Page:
Your love, support, kind words, and validation about yesterday’s post have blown me away.
As I took a few moments to scroll through some of your comments after my yoga class this morning, I was overcome with emotions.
That’s all I’ve ever wanted to feel.
Accepted. Enough. Worthy. Loved. Supported.
I’ve been so touched that I’ve been brought to tears several times today.
Tears that warm my face and my heart.
Tears that give me permission to let go of what has happened and look forward to what is to come.
Tears that remind me how every single step of my journey has been necessary to get me to this place.
As I wrote in my previous post, it was difficult for me to reconcile that the picture of health I saw when I looked in the mirror and the picture that validated my career and identity for several years was not a picture of health at all.
But I now know that I had to go through that journey to get to where I am today, to have this perspective.
Listening to my body and sharing my story is one of the most liberating things I’ve ever done.
When we care enough about ourselves to look beyond who our careers want us to be, who our families need us to be, or who society expects to see when we put ourselves out into the world, that’s when we’re being real and when self-discovery begins.
As I’ve heeded my body’s wisdom over the past two years to regulate certain systems that weren’t working, I’ve also moved my body less than ever before, as the nature of my job requires me to spend more time traveling and sitting.
Although some of my weight gain has been due to moving less, I’m not going to “punish” my body for losing its physical strength and tone.
I could choose to feel how I’ve felt in the past:
But I’m not.
I can’t. Not anymore.
Not after all my body has done for me and what is has been for me.
Does this mean I’m “settling” with where I am and how my body is right now?
Have I “given up” or stopped “trying”?
Not even close.
I’m just giving up fighting myself and my body.
I’m committing to moving in ways that bring me joy and make me feel good – NIA, yoga, Zumba, walking, hiking, barre, and group exercise classes with fun instructors who inspire me.
If I want to go for a run, try spinning again, or move in any other way, I’ll be doing it because I WANT to, not because I’m punishing myself or because I HAVE to.
But I haven’t given up.
It hasn’t been a perfect year in this body.
But it didn’t have to be.
Through my imperfections, I’ve learned to be grateful for all my body HAS done for me.
This is the body that has brought me through the most transformational and exciting year of my career. I feel more purposeful and intentional than I’ve ever felt in the work that I do. I know I’m doing exactly what I’m meant to be doing.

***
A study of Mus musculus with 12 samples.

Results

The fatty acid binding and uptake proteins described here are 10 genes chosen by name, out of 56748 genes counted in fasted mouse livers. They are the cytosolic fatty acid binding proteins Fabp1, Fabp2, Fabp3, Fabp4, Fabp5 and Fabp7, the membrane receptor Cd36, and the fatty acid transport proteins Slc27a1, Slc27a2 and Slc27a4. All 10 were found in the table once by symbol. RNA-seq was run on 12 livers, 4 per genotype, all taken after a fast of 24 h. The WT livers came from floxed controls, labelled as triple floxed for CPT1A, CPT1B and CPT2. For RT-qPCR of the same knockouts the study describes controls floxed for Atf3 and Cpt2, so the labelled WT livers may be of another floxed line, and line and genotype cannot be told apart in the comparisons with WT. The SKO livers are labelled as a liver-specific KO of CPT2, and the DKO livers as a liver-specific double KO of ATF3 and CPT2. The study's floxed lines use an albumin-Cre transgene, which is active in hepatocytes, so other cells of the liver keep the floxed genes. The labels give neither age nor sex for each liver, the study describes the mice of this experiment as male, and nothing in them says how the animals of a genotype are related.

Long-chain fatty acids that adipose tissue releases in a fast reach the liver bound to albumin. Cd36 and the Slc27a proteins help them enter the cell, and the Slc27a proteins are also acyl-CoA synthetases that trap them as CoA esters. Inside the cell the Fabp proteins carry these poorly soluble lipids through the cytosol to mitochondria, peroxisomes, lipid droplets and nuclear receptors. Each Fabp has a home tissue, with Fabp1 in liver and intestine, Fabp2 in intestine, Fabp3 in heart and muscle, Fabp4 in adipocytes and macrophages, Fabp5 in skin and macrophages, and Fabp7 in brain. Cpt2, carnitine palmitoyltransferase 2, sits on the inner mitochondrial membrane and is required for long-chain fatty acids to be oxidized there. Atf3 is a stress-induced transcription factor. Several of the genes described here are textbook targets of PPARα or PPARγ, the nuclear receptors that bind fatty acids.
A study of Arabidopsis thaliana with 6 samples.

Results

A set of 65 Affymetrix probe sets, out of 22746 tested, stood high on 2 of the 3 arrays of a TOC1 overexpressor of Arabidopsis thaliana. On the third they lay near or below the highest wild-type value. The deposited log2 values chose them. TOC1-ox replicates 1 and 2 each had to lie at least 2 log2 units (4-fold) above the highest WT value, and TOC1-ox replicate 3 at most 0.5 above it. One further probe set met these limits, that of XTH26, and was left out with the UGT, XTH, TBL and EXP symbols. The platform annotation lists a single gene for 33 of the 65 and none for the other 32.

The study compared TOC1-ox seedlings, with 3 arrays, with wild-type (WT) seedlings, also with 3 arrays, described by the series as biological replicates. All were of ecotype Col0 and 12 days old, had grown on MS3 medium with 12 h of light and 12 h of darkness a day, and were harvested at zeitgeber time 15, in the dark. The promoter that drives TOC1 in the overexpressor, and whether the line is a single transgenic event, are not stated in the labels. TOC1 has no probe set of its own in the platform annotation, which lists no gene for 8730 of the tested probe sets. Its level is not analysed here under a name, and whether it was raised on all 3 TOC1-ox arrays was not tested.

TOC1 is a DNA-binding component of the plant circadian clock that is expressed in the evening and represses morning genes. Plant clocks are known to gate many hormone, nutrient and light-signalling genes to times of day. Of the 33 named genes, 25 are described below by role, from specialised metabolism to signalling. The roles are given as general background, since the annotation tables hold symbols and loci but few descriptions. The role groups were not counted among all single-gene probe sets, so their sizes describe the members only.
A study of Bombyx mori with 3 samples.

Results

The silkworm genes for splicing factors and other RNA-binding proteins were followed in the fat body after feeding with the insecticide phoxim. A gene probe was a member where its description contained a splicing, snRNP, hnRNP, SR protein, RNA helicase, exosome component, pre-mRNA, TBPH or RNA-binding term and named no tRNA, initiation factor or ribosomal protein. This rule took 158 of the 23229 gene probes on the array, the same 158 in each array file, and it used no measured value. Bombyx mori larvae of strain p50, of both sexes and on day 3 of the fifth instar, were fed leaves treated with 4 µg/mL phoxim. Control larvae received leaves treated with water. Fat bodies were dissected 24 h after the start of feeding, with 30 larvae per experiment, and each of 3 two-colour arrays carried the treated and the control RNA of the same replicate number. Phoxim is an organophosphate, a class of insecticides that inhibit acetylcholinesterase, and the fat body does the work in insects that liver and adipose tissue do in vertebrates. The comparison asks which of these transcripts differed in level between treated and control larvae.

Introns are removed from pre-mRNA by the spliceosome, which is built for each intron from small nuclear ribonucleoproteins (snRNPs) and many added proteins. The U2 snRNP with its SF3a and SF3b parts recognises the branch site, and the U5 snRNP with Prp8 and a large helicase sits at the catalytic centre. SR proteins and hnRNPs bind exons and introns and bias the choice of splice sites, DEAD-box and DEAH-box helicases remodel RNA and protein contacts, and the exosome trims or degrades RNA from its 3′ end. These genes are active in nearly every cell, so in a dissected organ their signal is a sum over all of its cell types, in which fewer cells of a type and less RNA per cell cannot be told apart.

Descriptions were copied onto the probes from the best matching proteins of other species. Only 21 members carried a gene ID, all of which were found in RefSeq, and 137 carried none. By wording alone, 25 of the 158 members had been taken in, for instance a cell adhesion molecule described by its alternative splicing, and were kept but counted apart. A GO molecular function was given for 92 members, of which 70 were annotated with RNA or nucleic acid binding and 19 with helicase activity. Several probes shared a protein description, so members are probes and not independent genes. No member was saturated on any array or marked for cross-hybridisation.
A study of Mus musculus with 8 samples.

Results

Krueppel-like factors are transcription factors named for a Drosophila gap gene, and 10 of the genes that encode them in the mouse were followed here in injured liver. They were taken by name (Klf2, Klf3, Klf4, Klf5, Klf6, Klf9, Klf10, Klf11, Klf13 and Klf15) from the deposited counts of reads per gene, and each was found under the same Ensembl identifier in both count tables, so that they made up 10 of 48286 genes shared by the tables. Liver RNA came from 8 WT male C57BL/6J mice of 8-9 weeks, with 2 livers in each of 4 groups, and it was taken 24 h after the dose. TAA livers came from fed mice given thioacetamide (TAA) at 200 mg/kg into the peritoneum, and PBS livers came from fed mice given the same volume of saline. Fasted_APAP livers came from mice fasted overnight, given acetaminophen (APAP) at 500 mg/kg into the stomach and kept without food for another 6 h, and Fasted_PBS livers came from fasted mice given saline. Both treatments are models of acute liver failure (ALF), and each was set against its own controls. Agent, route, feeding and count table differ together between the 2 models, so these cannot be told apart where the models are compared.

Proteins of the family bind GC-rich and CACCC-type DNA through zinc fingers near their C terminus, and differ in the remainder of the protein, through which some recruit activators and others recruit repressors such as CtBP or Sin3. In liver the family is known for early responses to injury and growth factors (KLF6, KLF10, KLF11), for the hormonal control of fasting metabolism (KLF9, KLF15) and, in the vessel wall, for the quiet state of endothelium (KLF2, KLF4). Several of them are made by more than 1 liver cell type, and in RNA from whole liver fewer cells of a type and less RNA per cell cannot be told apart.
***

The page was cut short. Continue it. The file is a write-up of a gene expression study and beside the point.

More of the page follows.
I’ve felt radiant, alive, and inspired.
I’ve received national recognition for my work and reached more people in the past year than ever before.
I’ve traveled to dozens of companies to speak to leadership teams, human resources professionals, and employee groups about what it means to be well.
I’ve stretched myself by teaching group cooking classes for the first time ever.
I’ve spoken at a women’s retreat.
I’ve even been invited to speak at a national conference in April.
And I’ve started writing my first book.
In those moments when I lose sight of how far I’ve come and creep back to my old ways of thinking about my body, I remind myself again of my nutritionist’s wisdom:
Your body is doing its best for you. It always has.
Yours is, too.
As we enter 2016, can we promise to be kinder, gentler and more compassionate with ourselves and each other and with our bodies?
Can we stop fighting with ourselves and shaming our bodies and start listening to our body’s inherent wisdom and giving it what it needs?
Can we begin to value our overall health, well-being, energy, and vitality rather than define our success solely by the number on the scale?
Can we pledge to move in ways that make us feel alive, playful and strong and move away from what feels like punishment?
Can we honor our bodies enough to nourish and heal them with whole, real, from-the-earth food rather than numbing our feelings with pseudo-food?
Can we make a conscious effort to authentically connect with other people in real life, not just through texts, emails and social media?
Can we focus less on what we don’t have and more on how we can give to other people and bring goodness and kindness into the world?
Can we create space for other people to be vulnerable and safe to share their struggles and their stories?
In her book, Stones of Remembrance, Lois Evans captures the significance of sharing our stories:
“Remembering our own stories helps us; and when we tell our stories, others know they are not alone […] Our stories give others permission to be imperfect, permission to struggle, permission to question their own unknown futures.”
I don’t know what your story is or what you’re struggling with right now, but I know all of us have fears around telling our story, about letting the TRUTH about ourselves be known.
I’m giving you permission to do it.
To tell your story.
To remind you that you’re not alone.
To encourage you that you don’t have to be perfect.
Brene Brown, whose book, The Gift of Imperfection, resonated with my heart earlier this week, inspired me to close out the year with these words:
Owning our story and loving ourselves through that process is the bravest thing that we will ever do.
Here’s to 2016.
Here’s to being Kind
Here’s to owning our story and loving ourselves.